Saudi soldier held prisoner by Houthi militia returns home

Prisoner freed Saudi prisoner Moussa Awaji at Sanaa airport on Tuesday after he was released by Iran-backed Houthi militias. In Mokha, a UAE TV cameraman and five civilians were killed in a bomb blast. (REUTERS)
Updated 30 January 2019

Saudi soldier held prisoner by Houthi militia returns home

  • Musa Awaji landed in the Kingdom on Tuesday

JEDDAH: Saudi soldier Musa Awaji has arrived back in the Kingdom after he was released by his Houthi captors in Yemen. Col. Turki Al-Maliki, spokesman for the Coalition to Support legitimacy in Yemen, said Awaji flew in to King Salman Air Base in Riyadh at 9:45 p.m. on January 29.
The Houthis agreed to release him because of the poor state of his health and their inability to provide suitable care for him. It followed a joint negotiation effort by the leadership of the coalition forces and Martin Griffith, the special envoy of the secretary-general of the United Nations to Yemen. In return, the coalition has agreed to release seven Houthi detainees.
Al-Maliki praised Griffith and the International Committee of the Red Cross for their efforts in responding to the calls of the coalition leadership for Awaji to be released due to the concerns about his health.
Negotiations about prisoners have previously been ignored the Houthis without regard to humanitarian issues, Al-Maliki said. The militias continue to hold thousands of Yemeni people captive, including political, social and military leaders. Among them is former Yemeni Defense Minister Maj. Gen. Mahmoud Al-Subaihi, whose immediate and unconditional release has been called for by a UN Security Council resolution.


Plan approved to establish Institute of Traditional Arts in Saudi Arabia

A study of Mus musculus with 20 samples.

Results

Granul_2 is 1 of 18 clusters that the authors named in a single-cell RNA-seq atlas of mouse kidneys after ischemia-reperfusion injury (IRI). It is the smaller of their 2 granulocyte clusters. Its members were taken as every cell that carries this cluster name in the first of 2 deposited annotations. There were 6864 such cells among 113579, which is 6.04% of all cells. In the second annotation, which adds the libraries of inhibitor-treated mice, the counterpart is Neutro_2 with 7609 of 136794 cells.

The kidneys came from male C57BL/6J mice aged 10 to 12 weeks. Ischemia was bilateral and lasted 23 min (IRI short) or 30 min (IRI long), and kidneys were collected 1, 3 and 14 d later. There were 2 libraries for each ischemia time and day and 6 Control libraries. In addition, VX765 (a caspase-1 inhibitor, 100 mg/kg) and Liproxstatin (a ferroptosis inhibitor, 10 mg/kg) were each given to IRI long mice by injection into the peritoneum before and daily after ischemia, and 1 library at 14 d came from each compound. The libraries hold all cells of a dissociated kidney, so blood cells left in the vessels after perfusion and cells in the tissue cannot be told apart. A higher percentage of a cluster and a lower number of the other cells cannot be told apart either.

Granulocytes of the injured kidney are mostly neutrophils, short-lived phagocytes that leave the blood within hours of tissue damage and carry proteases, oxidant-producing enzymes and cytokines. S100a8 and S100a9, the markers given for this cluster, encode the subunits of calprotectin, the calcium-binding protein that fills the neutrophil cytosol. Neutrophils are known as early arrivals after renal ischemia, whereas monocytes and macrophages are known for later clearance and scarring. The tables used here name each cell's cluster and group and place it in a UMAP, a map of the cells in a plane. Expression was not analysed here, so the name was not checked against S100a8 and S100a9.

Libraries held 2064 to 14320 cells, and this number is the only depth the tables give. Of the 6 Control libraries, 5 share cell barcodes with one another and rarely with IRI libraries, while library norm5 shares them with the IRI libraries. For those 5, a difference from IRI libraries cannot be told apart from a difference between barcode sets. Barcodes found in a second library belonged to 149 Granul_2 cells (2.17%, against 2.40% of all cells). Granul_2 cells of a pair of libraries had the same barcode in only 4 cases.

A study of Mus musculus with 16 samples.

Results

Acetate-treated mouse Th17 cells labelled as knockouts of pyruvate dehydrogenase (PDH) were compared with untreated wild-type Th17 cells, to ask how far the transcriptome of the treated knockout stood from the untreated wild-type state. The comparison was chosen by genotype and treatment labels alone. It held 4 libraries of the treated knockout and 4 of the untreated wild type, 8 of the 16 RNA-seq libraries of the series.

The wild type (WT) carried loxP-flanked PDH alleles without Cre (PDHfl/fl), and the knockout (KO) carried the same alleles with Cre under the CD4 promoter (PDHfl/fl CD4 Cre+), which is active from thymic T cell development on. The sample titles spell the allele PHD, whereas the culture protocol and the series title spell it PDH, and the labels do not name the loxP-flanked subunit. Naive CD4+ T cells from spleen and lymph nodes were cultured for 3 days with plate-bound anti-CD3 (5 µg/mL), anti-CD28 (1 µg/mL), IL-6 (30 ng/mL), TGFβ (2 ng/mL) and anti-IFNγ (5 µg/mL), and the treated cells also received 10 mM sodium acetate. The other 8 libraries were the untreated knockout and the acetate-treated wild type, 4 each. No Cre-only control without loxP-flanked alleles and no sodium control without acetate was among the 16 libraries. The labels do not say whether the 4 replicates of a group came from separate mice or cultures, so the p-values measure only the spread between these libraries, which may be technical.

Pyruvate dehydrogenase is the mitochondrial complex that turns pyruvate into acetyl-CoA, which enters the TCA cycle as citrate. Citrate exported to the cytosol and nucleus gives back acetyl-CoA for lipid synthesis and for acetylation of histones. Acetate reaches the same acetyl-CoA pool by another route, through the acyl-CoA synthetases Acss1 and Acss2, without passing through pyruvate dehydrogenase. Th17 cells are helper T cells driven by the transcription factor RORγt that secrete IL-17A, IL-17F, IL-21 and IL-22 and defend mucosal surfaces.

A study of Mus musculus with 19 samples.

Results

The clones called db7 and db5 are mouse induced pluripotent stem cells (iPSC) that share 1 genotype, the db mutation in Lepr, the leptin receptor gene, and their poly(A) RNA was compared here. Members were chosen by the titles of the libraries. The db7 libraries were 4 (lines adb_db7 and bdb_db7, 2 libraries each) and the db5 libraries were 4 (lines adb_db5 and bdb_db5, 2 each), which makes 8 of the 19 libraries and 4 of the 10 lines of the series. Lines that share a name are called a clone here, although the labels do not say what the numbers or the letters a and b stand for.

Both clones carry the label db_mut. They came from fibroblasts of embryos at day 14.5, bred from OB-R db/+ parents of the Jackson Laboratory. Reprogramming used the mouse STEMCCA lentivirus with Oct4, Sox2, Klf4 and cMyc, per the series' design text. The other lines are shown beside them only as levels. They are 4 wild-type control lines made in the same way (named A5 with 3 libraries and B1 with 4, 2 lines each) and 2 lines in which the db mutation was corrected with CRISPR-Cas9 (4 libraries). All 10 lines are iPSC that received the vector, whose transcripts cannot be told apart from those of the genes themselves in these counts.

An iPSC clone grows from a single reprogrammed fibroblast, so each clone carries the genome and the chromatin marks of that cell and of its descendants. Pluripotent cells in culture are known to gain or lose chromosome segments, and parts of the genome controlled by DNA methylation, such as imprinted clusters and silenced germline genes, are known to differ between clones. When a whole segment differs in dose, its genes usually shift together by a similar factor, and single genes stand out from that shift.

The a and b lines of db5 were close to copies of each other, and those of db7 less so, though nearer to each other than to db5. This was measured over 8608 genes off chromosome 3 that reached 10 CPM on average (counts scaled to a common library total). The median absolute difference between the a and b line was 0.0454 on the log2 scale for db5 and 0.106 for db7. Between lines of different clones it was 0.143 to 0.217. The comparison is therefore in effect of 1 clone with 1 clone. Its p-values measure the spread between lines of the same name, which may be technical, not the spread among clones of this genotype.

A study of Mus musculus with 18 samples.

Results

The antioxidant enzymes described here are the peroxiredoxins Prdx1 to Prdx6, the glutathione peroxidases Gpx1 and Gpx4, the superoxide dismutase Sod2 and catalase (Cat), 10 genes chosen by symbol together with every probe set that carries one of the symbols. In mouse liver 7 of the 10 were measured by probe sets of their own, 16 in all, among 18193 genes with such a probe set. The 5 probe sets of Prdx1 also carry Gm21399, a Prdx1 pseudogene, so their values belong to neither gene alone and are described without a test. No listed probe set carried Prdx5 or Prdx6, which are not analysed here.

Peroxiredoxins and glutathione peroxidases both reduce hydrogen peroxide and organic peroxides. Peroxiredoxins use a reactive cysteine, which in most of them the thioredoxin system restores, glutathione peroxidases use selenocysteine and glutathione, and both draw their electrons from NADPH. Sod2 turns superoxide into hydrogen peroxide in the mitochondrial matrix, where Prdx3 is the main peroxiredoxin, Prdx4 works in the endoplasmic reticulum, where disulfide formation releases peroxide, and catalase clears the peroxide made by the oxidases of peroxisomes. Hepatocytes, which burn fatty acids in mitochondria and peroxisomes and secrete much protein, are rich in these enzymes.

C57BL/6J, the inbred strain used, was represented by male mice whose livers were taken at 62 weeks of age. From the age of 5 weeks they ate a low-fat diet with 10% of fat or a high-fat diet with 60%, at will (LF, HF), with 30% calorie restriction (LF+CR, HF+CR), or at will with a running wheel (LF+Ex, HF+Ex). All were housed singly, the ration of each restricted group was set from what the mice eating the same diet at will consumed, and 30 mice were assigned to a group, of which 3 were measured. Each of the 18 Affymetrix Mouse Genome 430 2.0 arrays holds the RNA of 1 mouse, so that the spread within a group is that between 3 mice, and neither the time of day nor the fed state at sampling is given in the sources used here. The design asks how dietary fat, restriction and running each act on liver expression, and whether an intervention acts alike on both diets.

The minister of culture announced last August that academies will be evaluated according to the market’s needs. (SPA)
Updated 23 October 2019

Plan approved to establish Institute of Traditional Arts in Saudi Arabia

  • The Institute of Traditional Arts aims to preserve the local identity through teaching arts, contributing to the preservation and development of the Saudi heritage, graduating qualified practitioners, and using arts to raise awareness

RIYADH: The minister of culture, Prince Badr bin Abdullah bin Farhan, on Tuesday, adopted a plan to establish the Institute of Traditional Arts at the Royal Academy of Arts.
The institute will begin receiving applications for the fall of 2020, targeting 1,000 students and trainees in long- and short-term programs.
The Institute of Traditional Arts aims to preserve the local identity through teaching arts, contributing to the preservation and development of the Saudi heritage, graduating qualified practitioners, and using arts to raise awareness.
The institute also aims to encourage artists through programs or partnership with relevant sectors.
The institute is part of the Academies of Arts’ initiative, which was announced in the Ministry of Culture’s first package last March, and the among the quality of life program’s initiatives. The minister of culture announced last August that academies will be evaluated according to the market’s needs, with the first being specialized in heritage and traditional arts and crafts.